Residents float solutions for school budget woes in Amherst-Pelham Regional district

Amherst Regional High School

Amherst Regional High School FILE PHOTO

By SCOTT MERZBACH

Staff Writer

Published: 03-08-2024 2:07 PM

AMHERST — Future Proposition 2½ overrides, a one-time gift from municipal reserves and appeals for financial help from Amherst’s higher education institutions are among ideas members of the Amherst-Pelham Regional School Committee are floating in response to significant staff reductions at the middle and high schools anticipated next fall.

With a vote on the $34.81 million budget scheduled for Tuesday, the committee this week was presented detailed information from administrators about the impact of removing $1.69 million in spending to present a balanced budget, necessitating the elimination of 14 teachers, paraeducators and professional staff at the two regional schools, including classroom instructors, counselors and restorative justice coordinators.

Amherst representative Jennifer Shiao suggested a multi-faceted solution in the face of what she said is the main enemy: the state’s Proposition 2½ law, which is preventing the schools from bringing forward a $36.5 million budget that would maintain level services for the schools where grades 7-12 students from Amherst, Leverett, Shutesbury and Pelham are educated.

“Desperate times call for desperate measures,” Shiao said.

Her idea is to convene a working group to study having a Proposition 2½ general override vote in time for the 2025-2026 season, in all four towns, while this year asking for a one-time infusion of cash from the communities to save the most important positions.

The idea of one-time money was also brought by Leverett representative Tilman Wolf, who asked Interim Superintendent Douglas Slaughter whether money would be available from existing accounts.

Amherst representative Bridget Hynes tossed out the idea of appointing a negotiating team to meet with Amherst College about providing financial support. “I think we need to look into that and really be at the forefront of that, as well,” Hynes said.

Massachusetts has been reducing its commitment to schools, said Amherst representative Sarah Marshall. This prompted her to have the idea of school committee convening a forum with state Rep. Mindy Domb, state Sen. Jo Comerford and U.S. Rep. Jim McGovern to explore solutions. “The financial trend is just going to be beyond the capacity of our four towns to solve,” Marshall said.


Principal Talib Sadiq laid out the scope of the cuts, saying that while efforts were to minimize disruptions, education will change. “Obviously our students are going to have fewer choices now, and some of their favorite teachers are being told to leave,” Sadiq said.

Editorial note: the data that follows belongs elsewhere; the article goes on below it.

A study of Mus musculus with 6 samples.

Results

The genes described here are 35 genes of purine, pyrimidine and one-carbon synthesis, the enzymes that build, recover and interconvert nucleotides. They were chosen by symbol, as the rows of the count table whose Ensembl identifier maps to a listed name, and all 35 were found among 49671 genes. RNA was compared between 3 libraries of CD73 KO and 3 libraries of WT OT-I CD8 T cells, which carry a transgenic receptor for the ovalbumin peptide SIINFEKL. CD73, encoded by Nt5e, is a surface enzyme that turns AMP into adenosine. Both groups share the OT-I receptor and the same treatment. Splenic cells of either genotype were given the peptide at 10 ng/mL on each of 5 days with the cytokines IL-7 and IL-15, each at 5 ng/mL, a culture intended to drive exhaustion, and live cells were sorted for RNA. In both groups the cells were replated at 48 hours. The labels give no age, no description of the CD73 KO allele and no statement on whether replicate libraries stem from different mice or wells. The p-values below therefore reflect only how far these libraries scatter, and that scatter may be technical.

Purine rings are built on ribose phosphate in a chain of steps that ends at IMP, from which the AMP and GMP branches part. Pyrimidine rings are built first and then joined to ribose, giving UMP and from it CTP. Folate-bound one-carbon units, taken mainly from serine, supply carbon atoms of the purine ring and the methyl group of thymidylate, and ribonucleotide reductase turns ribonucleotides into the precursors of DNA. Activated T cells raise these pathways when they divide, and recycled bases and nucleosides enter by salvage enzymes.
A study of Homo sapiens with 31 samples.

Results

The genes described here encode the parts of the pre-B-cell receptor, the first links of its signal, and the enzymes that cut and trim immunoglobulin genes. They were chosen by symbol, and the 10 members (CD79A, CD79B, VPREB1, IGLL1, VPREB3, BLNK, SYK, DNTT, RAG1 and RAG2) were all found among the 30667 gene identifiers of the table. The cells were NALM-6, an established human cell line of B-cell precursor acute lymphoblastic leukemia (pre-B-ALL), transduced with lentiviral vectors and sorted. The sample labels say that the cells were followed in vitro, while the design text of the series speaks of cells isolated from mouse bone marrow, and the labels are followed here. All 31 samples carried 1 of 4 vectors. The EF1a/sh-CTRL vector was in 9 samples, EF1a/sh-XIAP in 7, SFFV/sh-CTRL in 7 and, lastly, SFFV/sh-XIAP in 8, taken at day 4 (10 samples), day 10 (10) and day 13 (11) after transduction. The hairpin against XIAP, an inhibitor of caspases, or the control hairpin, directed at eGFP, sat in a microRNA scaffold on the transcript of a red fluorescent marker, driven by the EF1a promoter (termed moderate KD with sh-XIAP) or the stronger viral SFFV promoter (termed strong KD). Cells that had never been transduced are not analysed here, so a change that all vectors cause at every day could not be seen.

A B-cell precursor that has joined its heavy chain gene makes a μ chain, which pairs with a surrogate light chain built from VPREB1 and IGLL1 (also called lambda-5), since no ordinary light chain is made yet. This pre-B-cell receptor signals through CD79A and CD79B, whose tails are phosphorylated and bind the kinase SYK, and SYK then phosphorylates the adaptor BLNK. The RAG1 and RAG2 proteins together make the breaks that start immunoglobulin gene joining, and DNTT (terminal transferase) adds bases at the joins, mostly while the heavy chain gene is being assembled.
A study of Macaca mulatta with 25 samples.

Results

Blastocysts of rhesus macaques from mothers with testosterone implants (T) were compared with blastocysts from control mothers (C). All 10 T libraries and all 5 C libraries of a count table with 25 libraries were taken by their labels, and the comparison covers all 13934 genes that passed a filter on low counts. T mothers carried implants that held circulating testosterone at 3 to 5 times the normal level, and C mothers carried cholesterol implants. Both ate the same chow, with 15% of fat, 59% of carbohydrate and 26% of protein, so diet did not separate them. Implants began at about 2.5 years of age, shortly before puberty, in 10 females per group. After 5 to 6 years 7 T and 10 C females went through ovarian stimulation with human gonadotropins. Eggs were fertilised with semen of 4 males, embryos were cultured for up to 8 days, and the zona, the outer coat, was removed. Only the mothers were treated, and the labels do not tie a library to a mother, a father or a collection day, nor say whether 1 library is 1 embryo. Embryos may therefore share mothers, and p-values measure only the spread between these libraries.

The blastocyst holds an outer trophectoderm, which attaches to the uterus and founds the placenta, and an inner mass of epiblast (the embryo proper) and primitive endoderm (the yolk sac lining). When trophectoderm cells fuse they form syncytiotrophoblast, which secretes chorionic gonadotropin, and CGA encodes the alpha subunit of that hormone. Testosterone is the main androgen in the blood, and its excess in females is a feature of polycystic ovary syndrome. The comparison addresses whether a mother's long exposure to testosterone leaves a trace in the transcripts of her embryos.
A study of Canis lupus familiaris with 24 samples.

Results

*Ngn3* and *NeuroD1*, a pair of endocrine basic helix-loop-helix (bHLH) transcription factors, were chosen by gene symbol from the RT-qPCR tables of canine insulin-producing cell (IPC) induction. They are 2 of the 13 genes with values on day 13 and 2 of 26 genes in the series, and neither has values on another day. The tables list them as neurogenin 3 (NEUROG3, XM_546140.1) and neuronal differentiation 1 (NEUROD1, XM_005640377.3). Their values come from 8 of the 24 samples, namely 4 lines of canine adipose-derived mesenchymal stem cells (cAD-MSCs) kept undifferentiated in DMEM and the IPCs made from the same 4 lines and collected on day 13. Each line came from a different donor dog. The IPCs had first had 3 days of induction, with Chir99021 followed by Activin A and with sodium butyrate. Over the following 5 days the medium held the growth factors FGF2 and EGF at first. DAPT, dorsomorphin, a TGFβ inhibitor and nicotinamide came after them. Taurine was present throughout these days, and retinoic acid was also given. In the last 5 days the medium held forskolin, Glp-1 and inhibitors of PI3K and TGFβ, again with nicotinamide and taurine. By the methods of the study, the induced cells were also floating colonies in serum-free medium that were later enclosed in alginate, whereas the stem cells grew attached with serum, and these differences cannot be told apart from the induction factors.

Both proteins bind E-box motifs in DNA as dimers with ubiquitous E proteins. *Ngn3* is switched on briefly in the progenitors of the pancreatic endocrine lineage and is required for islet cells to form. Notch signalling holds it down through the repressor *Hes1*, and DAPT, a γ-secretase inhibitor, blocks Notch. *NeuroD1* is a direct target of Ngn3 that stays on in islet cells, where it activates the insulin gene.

Administrators are trying to figure out how to deal with less programming, keeping students’ experience meaningful without overburdening educators, and meeting the demands of special education, he said. “The number of high needs students has risen, even in face of enrollment decline,” Sadiq said.

Sadiq also took a swipe at Amherst putting money toward a renovated and expanded library. “I have to say how frustrated I am with the townspeople, how once again they’ve chosen to not make the public schools a priority,” Sadiq said.

Sadiq said the middle school roof leaked at the beginning of the school year, forcing students in six classrooms to be reassigned when ceiling tiles collapsed, and then two additional classrooms to be moved later. “It’s not a safe environment,” Sadiq said.

In addition to the middle school roof, Sadiq said the high school track has been in poor condition since 2012 and for five years the school has had no home track meets, another illustration of the physical challenges for the schools.

Putting pressure on the University of Massachusetts and Amherst College to provide money in addition to a minimal contribution may be necessary, Sadiq said.

“I want to know how and what the school community is going to do to make sure we’re not in the same position next year and going forward, because this can’t continue, something has got to give,” Sadiq said.

Potential cuts

Miki Gromacki, assistant principal at the high school, explained that one proposed change is to consolidate 11 departments to seven departments, with no impact on class sizes.

Specific cuts would include eliminating a half-time math teacher, a half-time health and physical education teacher, a half-time performing arts teacher, one guidance counselor one restorative justice coordinator and two paraeducators.

At the middle school, assistant principal Rich Ferro said one language instructor would be cut, meaning fewer sections of each language offered: French, Spanish, Latin and Chinese. Two paraeducators would also go, along with a restorative justice coordinator.

The reaction to the specifics made some committee members uncomfortable in recommending the budget. A vote has to be taken in advance of Leverett’s Town Meeting at the end of April, where voters will be presented the town’s assessment.

“Cutting special ed and cutting the adjustment counselors, these are areas that are absolutely critical and in more need right now,” said Shutesbury representative Anna Heard.

“These proposed cuts are just shocking, there’s no way around it,” Marshall said.

“I’m really not liking the way this looks,” Hynes said.

“It’s heartbreaking to see what cuts we have to think about,” Wolf said.

“They’re all terrible, I don’t like any of them, and I’m sure you don’t either,” Shiao said.

Scott Merzbach can be reached at smerzbach@gazettenet.com.